Question 1: What’s holding back progress on climate change?

The CIGI ’10 Climate of Action conference gathered over 60 experts in climate policy and science to join in a weekend of lively and innovative dialogue about the global governance of climate change. Throughout the conference, we sat down with many of our distinguished conference participants, to hear their points of view on some of the key topics covered in our roundtable discussions. This video series aims to provide a brief introduction to the issues, as well as a synopsis of the key messages and insights that arose from conference discussions.

In the first Roundtable discussion, participants took stock of where we stand today, and more importantly, what obstacles are blocking the road to future and meaningful progress. Some of the most significant barriers that were mentioned throughout the conference included the complexity of the issue, the North-South divide and the lack of trust at international climate negotiations, and the lack of policy leadership, political will and public support in some of the largest emitting nations. In the following video, a selection of participants discuss why they believe climate change is such a difficult issue to tackle, at both the national and international levels, as well as what factors are holding us back.

Speakers:

Mr. Shayam Saran, Special Adviser, Prime Minister's Office (India)
Mr. Shyam Saran joined the Indian Foreign Service in 1970, and has since served as a diplomat in world capitals such as Beijing, Tokyo and Geneva. In the Ministry of External Affairs, Mr. Saran headed the Economic Division, the Multilateral Economic Division and the East Asia Division. After serving as Joint Secretary in 1991 – 1992, advising the Prime Minister on foreign, nuclear and defense policy, Mr. Saran was appointed India’s Foreign Secretary in 2004. Since his retirement in 2006, Mr. Saran has been appointed as Special Envoy for Indo-US civil nuclear issues and later as Special Envoy and Chief Negotiator on Climate Change.

Dr. PAN Jiahua, Director, Institute for Urban and Environmental Studies
Dr. PAN Jiahua is currently director of the Institute for Urban & Environmental Studies with the Chinese Academy of Social Sciences (CASS), and professor of economics at the CASS Graduate School. He is a member of both the China National Expert Panel on Climate Change and the Foreign Policy Advisory Group. In addition, he is advisor to the Ministry of Environment Protection and vice-president of the Chinese Society of Ecological Economists. Dr. PAN Jiahua’s past activities include working for the UNDP Beijing Office as an advisor on environment and development and being a lead author of the IPCC Working Group III 3rd and 4th Assessment Report on Mitigation.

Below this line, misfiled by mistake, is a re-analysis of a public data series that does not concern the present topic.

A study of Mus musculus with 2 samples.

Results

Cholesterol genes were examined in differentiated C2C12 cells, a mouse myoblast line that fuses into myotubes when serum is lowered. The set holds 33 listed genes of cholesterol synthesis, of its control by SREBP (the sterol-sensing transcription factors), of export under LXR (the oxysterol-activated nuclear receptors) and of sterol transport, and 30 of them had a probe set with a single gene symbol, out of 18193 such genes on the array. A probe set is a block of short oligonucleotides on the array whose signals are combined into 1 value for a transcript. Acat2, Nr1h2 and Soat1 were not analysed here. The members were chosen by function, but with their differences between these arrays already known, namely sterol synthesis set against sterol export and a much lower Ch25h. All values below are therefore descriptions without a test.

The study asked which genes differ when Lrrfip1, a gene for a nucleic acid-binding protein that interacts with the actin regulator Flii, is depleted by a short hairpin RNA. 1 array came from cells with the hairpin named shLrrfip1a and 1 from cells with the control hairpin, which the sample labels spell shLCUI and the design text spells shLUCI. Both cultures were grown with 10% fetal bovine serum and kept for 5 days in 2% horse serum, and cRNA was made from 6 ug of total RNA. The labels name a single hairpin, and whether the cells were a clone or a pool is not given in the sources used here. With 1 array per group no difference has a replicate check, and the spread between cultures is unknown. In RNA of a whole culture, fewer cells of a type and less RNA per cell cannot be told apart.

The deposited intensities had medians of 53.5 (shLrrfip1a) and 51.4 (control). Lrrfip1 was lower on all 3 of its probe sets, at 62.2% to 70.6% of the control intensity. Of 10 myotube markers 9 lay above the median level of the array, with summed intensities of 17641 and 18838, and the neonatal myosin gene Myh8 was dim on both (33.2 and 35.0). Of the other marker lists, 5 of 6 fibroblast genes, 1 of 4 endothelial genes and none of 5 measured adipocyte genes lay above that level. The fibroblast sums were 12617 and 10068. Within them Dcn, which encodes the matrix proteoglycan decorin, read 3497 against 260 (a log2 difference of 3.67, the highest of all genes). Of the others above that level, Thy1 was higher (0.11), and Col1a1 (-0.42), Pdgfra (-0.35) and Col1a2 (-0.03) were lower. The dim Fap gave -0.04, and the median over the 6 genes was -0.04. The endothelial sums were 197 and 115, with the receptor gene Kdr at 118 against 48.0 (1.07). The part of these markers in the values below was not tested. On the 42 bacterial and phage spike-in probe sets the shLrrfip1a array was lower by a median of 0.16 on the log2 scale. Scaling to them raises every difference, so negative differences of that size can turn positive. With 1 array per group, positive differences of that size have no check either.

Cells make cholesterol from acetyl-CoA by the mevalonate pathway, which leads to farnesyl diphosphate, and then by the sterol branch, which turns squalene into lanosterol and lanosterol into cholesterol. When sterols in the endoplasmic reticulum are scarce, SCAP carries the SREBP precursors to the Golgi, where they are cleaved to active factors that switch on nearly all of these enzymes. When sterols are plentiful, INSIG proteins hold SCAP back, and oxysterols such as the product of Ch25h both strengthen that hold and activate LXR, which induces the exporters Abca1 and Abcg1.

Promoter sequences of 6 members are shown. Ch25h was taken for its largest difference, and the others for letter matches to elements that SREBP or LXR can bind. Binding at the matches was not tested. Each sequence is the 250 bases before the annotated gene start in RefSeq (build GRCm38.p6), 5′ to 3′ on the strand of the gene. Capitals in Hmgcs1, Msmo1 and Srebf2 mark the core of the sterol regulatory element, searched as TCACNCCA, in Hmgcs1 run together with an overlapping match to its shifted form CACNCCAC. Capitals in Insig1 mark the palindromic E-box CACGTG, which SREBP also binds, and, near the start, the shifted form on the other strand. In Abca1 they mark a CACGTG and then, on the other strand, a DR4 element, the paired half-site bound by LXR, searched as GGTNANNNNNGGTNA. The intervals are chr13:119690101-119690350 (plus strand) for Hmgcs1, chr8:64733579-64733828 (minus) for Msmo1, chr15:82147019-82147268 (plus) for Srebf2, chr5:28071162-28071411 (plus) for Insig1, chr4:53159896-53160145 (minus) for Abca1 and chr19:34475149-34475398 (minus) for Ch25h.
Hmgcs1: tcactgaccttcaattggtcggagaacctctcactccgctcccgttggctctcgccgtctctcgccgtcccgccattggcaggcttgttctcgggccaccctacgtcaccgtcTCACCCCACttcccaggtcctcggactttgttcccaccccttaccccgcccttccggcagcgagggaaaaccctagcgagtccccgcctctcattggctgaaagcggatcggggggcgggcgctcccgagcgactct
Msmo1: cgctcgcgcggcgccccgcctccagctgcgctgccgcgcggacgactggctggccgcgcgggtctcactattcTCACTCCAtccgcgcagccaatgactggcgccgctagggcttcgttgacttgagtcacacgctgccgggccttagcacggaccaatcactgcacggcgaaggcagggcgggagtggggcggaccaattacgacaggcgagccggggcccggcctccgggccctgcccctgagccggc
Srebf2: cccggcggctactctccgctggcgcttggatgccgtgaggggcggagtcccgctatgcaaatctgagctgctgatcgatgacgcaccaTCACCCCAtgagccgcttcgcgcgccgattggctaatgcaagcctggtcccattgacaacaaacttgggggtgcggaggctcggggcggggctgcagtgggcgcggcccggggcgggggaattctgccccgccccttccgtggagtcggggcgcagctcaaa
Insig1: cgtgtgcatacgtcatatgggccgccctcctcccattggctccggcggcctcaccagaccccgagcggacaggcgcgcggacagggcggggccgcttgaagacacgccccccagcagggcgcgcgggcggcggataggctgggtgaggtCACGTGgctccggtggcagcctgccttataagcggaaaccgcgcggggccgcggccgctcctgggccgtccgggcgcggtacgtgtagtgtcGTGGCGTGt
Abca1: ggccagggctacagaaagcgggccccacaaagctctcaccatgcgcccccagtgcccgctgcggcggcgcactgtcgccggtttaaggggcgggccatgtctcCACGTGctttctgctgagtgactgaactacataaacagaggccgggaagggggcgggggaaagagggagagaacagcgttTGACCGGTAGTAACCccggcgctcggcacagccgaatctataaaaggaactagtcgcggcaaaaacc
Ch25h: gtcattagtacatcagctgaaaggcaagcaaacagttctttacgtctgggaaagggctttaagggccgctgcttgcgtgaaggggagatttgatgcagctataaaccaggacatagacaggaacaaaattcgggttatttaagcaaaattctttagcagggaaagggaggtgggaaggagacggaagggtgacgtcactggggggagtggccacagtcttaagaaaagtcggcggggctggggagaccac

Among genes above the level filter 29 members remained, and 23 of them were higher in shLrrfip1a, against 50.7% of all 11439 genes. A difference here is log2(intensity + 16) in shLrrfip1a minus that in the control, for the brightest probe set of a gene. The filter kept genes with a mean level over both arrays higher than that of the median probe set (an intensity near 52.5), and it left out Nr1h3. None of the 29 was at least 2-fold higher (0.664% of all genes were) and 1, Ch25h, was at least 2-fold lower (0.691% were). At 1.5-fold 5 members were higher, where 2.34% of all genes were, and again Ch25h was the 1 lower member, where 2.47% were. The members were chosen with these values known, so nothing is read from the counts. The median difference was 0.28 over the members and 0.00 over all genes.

Dr. Nathaniel Keohane, Chief Economist, Environmental Defense Fund
Dr. Nathaniel Keohane is chief economist at EDF, a leading non-profit advocacy organization based in New York. Dr. Keohane oversees EDF’s analytical work on the economics of climate policy, and helps to develop and advocate the organization’s policy positions on global warming. Dr. Keohane is also an adjunct professor at New York University. Dr. Keohane is the co-author of Markets and the Environment, and co-editor of Economics of Environmental Law. He also serves as a member of the US EPA’s Advisory Council on Clean Air Compliance and is a lead author of the IPCC’s Fifth Assessment Report (Working Group III). Before coming to EDF, he was associate professor of economics at the Yale School of Management.

Dr. Chris Tyler, Executive Director and Member of Executive Committee, Centre for Science and Policy (CSAP), University of Cambridge
Dr. Chris Tyler joins CSAP from the House of Commons, where he has been science adviser to the Science and Technology Select Committee for the past three years. During this time he guided committee inquiries into scientific advice in government and science funding, and was the architect of the IUSS Committee’s major report on engineering. Before the House of Commons, Dr. Tyler worked for Sense About Science where he managed and developed the charity’s extensive network of scientists and promoted science in public debates on issues as diverse as climate change, chemicals, alternative medicines and nuclear power. Dr. Tyler has a degree in anthropology from the University of Durham, and a PhD in biological anthropology from the University of Cambridge.

David Runnalls, Distinguished Fellow, International Institute for Sustainable Development
David Runnalls is a Distinguished Fellow with IISD. He is a member of several Boards and Councils, including the Board of the Institute of Advanced studies of the United Nations University, the Council for Sustainable Development Technology Canada, the World Environment Center, and the International Institute for Technology and Development. He has served as Co-Chair of the China Council Task Force on WTO and Environment and was a member of the federal External Advisory Committee on Smart Regulation. Mr. Runnalls has served as senior advisor to the president of the International Development Research Centre in Ottawa, and to the administrator of the United Nations Development Programme. He was director of the Environment and Sustainable Development Programme at the Institute for Research on Public Policy in Ottawa.